Block storage specialist StorPool Storage will make its distributed storage software available through AWS Marketplace for the first time since the product’s initial release a decade ago.
The service, called StorPool on AWS, offers a high-performance option for enterprise customers with specialized needs and large workloads, but few choices in this market. It is now available as a technology preview.
StorPool also recently released a general update to the core StorPool software, adding two important features: support for provisioning storage volumes using NVMe/TCP and support for running NFS servers. (Network File Systems) in StorPool storage clusters.
NVMe/TCP support allows storage administrators to use software and a standard Ethernet connection to provision storage, adding additional flexibility to infrastructure setups. NFS servers created in StorPool can provide up to 50TB of file data within a cluster for workloads, such as rendering and video editing, according to the company.
While StorPool may offer fast, available block storage for enterprise databases, the AWS version of the product might be a tough sell in a market that has always kept data on-premises. According to Dave Raffo, senior analyst at Evaluator Group, scalable block storage remains a niche for specific businesses migrating to the cloud.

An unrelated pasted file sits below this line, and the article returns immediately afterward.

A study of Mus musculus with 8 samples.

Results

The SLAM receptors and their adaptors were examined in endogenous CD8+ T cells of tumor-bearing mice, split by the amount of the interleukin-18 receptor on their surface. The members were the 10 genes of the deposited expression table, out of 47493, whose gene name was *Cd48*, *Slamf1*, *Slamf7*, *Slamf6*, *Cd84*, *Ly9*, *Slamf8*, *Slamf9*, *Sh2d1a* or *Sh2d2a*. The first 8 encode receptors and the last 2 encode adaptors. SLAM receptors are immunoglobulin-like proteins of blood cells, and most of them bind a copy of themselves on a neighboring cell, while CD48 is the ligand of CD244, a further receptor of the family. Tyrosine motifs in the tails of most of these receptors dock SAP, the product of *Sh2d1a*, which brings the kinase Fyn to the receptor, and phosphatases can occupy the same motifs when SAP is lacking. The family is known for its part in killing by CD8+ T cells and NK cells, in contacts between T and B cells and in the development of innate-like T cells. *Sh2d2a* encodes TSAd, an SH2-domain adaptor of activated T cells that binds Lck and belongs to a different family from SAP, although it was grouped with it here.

“I don’t think it will fundamentally change [StorPool’s] customer base,” Raffo said.
A competitor of EBS
StorPool sells virtual storage array software that runs on any hardware. It enables distributed block storage for demanding database workloads on traditional hard drives, as well as flash and NVMe drives.
The company typically sells to MSPs and managed private clouds that use virtual machines. Companies looking to use block storage are potentially in industries with large and organized databases, such as those used for medical and financial applications, that these users want to keep in a private cloud.
Businesses that need cloud block storage today may already be using Amazon’s Elastic Block Storage (EBS), but enterprises and MSPs may want to push storage speeds a lot. faster,” said Marc Staimer, president of Dragon Slayer Consulting.
Marc StaimePresident, Dragon Slayer Consulting
“[AWS EBS doesn’t] evolve,” Staimer said. “It’s not really designed for large-scale implementation. Almost everyone is better than EBS.”
Performance of AWS EBS services is limited due to a lack of flexibility and storage movement options, Staimer added. Many EBS volumes become dedicated to specific workloads, which can lead to siled storage.
Best in class by default
StorPool technology may offer improved performance, Staimer said, but there’s a lack of direct competition that makes comparison difficult.
This is particularly the case with large public cloud providers, such as AWS, Microsoft Azure and Google Cloud Platform. Block storage performance among the three hyperscalers is ultimately tied to connection latency and available services, he said.
StorPool’s closest competitor was Excelero, which sold high-performance block storage through Microsoft Azure NVMesh on Azure, Staimer said. Excelero’s technology was absorbed by Nvidia when the chipmaker bought the supplier earlier this year.
Other storage vendors, such as Vast Data Inc. and DataCore Software, offer cloud and on-premises configurations. But those companies are targeting the significantly more popular object and file storage services, Raffo said.
Tim McCarthy is a journalist living on the North Shore of Massachusetts. It covers cloud and data storage news.